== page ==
Federal Pacific Panel Replacement

Old 03-03-14, 07:10 PM

I have a house built in 1978 with a Federal Pacific stab-lock panel. The panel is 150 amp and is located in a small closet (original location) - 30" wide and 24" deep. I believe the space requirement changed in 78, but could be wrong. I want to replace the panel, but wonder if I should upgrade to a 200 panel. This would require a new service line (about 35 feet). Also wonder if the inspector will require a panel relocation from the closet.

Specs: House is 2,800 sq ft with 5 ton AC, electric dryer, gas stove and gas water heater.

Any suggestions will be appreciated.

Thanks
 
Old 03-03-14, 07:13 PM

The 200 amp panel may be cheaper than the 150.
 
This would require a new service line (about 35 feet)
Are you saying the panel is 35 feet from the meter? Is there a main disconnect at the meter?
wonder if I should upgrade to a 200 panel.
You need to do a load calc:
Single Family Dwelling Load Calculator
Residential Load Calculations - Mike Holt Enterprises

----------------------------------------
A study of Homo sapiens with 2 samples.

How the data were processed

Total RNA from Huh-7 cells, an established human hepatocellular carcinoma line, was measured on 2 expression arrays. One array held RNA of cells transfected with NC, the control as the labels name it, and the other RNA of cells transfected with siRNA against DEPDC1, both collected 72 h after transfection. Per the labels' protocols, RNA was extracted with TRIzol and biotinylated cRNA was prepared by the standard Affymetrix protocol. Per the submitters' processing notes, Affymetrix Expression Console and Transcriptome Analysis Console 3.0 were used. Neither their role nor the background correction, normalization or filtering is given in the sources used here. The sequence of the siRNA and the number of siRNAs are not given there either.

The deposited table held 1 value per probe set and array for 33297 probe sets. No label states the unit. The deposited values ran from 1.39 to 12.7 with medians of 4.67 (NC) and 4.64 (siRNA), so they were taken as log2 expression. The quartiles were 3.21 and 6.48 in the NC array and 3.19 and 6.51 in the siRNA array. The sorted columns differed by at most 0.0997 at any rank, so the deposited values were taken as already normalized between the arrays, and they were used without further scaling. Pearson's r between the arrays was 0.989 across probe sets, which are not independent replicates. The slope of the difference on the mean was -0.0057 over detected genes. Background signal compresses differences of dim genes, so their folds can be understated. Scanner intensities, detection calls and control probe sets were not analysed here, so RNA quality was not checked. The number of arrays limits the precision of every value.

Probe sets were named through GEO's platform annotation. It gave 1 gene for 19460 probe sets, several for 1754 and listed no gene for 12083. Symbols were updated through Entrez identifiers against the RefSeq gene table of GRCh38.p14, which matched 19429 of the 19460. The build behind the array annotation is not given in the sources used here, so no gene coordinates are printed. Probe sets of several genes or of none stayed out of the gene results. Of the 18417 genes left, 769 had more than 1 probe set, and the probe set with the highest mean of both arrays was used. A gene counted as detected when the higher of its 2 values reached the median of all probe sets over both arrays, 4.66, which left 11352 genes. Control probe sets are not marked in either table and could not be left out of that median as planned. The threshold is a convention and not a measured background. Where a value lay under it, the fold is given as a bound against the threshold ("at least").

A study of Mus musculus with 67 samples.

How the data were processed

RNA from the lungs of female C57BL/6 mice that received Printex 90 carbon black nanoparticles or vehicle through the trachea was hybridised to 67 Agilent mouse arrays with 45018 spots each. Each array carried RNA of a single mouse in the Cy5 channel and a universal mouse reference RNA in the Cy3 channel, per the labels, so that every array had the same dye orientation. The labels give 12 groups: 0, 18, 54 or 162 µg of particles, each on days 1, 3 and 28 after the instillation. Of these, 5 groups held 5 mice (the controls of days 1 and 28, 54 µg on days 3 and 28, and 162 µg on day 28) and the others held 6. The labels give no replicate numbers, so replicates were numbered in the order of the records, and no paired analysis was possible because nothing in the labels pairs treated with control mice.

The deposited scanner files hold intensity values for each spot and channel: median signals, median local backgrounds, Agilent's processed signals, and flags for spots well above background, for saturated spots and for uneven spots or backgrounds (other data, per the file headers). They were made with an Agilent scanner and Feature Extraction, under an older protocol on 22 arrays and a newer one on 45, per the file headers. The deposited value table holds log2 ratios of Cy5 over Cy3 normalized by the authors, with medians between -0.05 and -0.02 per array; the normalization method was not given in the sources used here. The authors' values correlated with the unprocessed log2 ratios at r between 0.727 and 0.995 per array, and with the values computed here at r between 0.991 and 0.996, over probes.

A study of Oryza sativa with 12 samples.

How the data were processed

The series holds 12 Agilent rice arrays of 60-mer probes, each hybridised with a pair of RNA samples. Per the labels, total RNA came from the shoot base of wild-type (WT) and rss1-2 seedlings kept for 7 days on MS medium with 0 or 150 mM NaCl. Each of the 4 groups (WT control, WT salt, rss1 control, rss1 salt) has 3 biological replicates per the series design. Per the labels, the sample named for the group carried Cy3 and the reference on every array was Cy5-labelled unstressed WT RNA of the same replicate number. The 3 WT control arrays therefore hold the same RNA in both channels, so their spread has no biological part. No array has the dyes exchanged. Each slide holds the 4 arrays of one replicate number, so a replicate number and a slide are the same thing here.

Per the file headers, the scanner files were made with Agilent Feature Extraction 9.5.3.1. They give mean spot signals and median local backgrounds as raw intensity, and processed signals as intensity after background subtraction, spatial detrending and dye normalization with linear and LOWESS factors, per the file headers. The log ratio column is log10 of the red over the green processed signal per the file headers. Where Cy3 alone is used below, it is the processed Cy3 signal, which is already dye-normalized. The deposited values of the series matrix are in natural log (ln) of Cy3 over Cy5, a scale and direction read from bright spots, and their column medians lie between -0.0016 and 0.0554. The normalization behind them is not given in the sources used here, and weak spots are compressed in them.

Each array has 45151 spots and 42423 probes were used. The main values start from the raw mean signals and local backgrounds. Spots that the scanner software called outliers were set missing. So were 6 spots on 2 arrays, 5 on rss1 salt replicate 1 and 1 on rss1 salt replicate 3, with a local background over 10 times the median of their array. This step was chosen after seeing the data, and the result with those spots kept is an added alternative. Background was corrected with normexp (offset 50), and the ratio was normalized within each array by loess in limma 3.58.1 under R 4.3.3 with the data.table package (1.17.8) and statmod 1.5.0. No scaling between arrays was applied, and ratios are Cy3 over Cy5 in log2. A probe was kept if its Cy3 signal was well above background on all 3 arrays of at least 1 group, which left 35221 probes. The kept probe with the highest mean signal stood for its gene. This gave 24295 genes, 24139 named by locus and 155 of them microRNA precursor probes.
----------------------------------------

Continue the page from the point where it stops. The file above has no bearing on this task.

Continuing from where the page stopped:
#4  
Old 03-03-14, 07:30 PM
 

Definitely discuss your concerns with him ahead of time.
 
  #6  
Old 03-04-14, 07:03 AM
I suspect you live in a more rural area that had little or no inspection back in 1978 other than the power company. 35 feet of unfused service entrance wiring hasn't been allowed by the NEC for as long as I can remember. There are still a lot of rural areas that still have no local inspection. I would proceed by following the NEC regardless of any local inspection.

The possible exception could be if the unfused service entrance wiring were in conduit under a concrete slab, but that would be a rare residential installation.
 
  #7  
Old 03-04-14, 07:31 AM

I live in Atlanta, not at all rural. The SER cable is sized for 150 amp and runs from one side of the house (meter) across the garage ceiling up into the house and the breaker box. Don't think I mentioned the meter situation to the inspection office, but the POCO said it would not need to be updated unless the service was increased to 300/400 amp service, then a disconnect would be required.

The inspection office thought an upgrade from 150 amp to 200 amp would be 'silly' in most cases as 150amp 'is usually more than enough for the average house'.

The upgrade would require 35 ft of SER, but the 200 Homeline box at HD is actually $ 30 cheaper than the 150 amp box, so I think I'm at less than $ 200 for the upgrade.
 
 
  #9  
Old 03-04-14, 07:42 AM
 
  #10  
Old 03-04-14, 11:23 AM
That's correct. Have you done the load calculation Ray suggested yet?

If a 200A panel is cheaper than a 150A panel you can install a 150A main breaker to keep from doing the upgrade.